The pharmaceutical industry is fuelled by data. Huge amounts of information are available from sources as diverse as patient health records, wearables, and social media content. If sponsors can harness it, this data can provide the key to saving time, labour and costs across the pharmaceutical value chain, ultimately bringing better drug products to patients sooner.
According to a new GlobalData report, 27% of healthcare professionals believe that data will trend as the second most disruptive emerging technology in the pharmaceutical sector in 2023, meaning the time to embrace the data revolution is now. And, as the pharmaceutical sector continues to generate more and more of it, GlobalData analysts suggest that companies need to embed data-driven decision-making into their everyday processes.
But key to the decision process is effective data management. Done right, data management can be leveraged to help optimise the entire pharmaceutical value chain, from target identification to end-user reach.
Data in clinical trials
For example, huge amounts of data can be mined from electronic health records (EHRs) and other sources to optimise clinical research, from drug identification to treatment plan design. Clinical trials themselves produce extremely large volumes of information from sources including claims data, patient registries, wearables, medical devices, previous outcomes, biomarkers and genomic sequencing. When it is properly utilised, this information can be used to improve patient outcomes.
For healthcare providers, effective management of these data sets offers the chance to better identify high-risk patients, offer at-home and customised care, and perform intelligent patient follow-up. Throughout a clinical trial, data analysis can enable better overall decision-making by researchers in areas including trial design and site selection. It reduces the chance of inefficiencies and medical errors, promotes more coordinated care and even offers the possibility to develop new treatments and provision pathways.
From patient enrolment to drug marketing
One of the most critical ways in which data management can serve clinical trials is in patient recruitment. Traditionally, a lot of time and money can be wasted at this stage – and if it isn’t done right, sponsors can face downstream issues including participant drop-out.
But by analysing and effectively storing large volumes of data from multiple sources, sponsors can pinpoint the participants most likely to benefit from a trial. And, as clinical research becomes more niche, more specific cohorts of patients are required, making intelligent target identification more important than ever.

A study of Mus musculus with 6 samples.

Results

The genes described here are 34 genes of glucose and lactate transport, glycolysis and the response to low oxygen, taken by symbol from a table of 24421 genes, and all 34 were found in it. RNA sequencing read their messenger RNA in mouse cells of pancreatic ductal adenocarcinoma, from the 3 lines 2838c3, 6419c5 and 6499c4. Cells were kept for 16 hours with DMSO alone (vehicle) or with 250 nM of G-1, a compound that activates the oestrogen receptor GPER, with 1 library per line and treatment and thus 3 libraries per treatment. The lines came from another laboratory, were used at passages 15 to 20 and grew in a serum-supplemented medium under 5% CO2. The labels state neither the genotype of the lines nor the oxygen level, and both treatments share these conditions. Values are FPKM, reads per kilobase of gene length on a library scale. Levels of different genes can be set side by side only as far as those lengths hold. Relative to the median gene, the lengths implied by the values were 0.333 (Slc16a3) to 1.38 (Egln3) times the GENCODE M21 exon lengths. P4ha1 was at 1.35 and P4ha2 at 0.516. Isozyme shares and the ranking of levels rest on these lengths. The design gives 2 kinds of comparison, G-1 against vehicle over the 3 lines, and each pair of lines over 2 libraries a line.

With a robust data management system in place, an advanced analysis of electronic health and medical record data can be performed, allowing researchers to identify concentrations of relevant patients. It also creates the possibility to go directly to patients to explain the proposed treatment for their condition and even offer the option of managing their own data. With better patient engagement having been proven to result in better health outcomes and reduced dropout rates, sponsors are increasingly recognising the vital importance of enrolling the right patients and communicating with them effectively.
Once the clinical trial is successful and it’s time to take a new drug to market, further analysis of these datasets can power enhanced insights into manufacturing and supply chains, offering opportunities to increase efficiency and agility. Plus, market information can help predict consumer behaviours, identify target groups, and offer personalised advertising, boosting the chance of a successful market launch.
How it’s done
AI and advanced analytics can only work on high-quality data. Large and complex, managing these datasets requires powerful and innovative processing application software. The software must be able to handle capture, storage, analysis, search, sharing, visualisation, querying, updating and protection for enormous volumes of data.
Thankfully, better data management is made possible by Cloud-based data storage, which uses a Cloud computing provider that manages and stores data as a service. The Internet of Things, comprising a system of connected objects, can collect and transfer data wirelessly and automatically, enabling more information to be gathered.
Taimei, a leading innovator in the R&D and life science industry, offers a digital platform for clinical research that integrates advanced AI, data management, Cloud computing, and mobile internet technologies that enables pharmaceutical companies to get the most out of their data and reap the benefits that come with data-driven decision-making.
Taimei’s eCollect, for example, is a robust electronic data capture (EDC) system, specifically designed for complex clinical studies. Automated, robust and data-driven, it offers data management capabilities that can adapt to complexity and constant change, meaning sponsors can achieve real-time, actionable insights.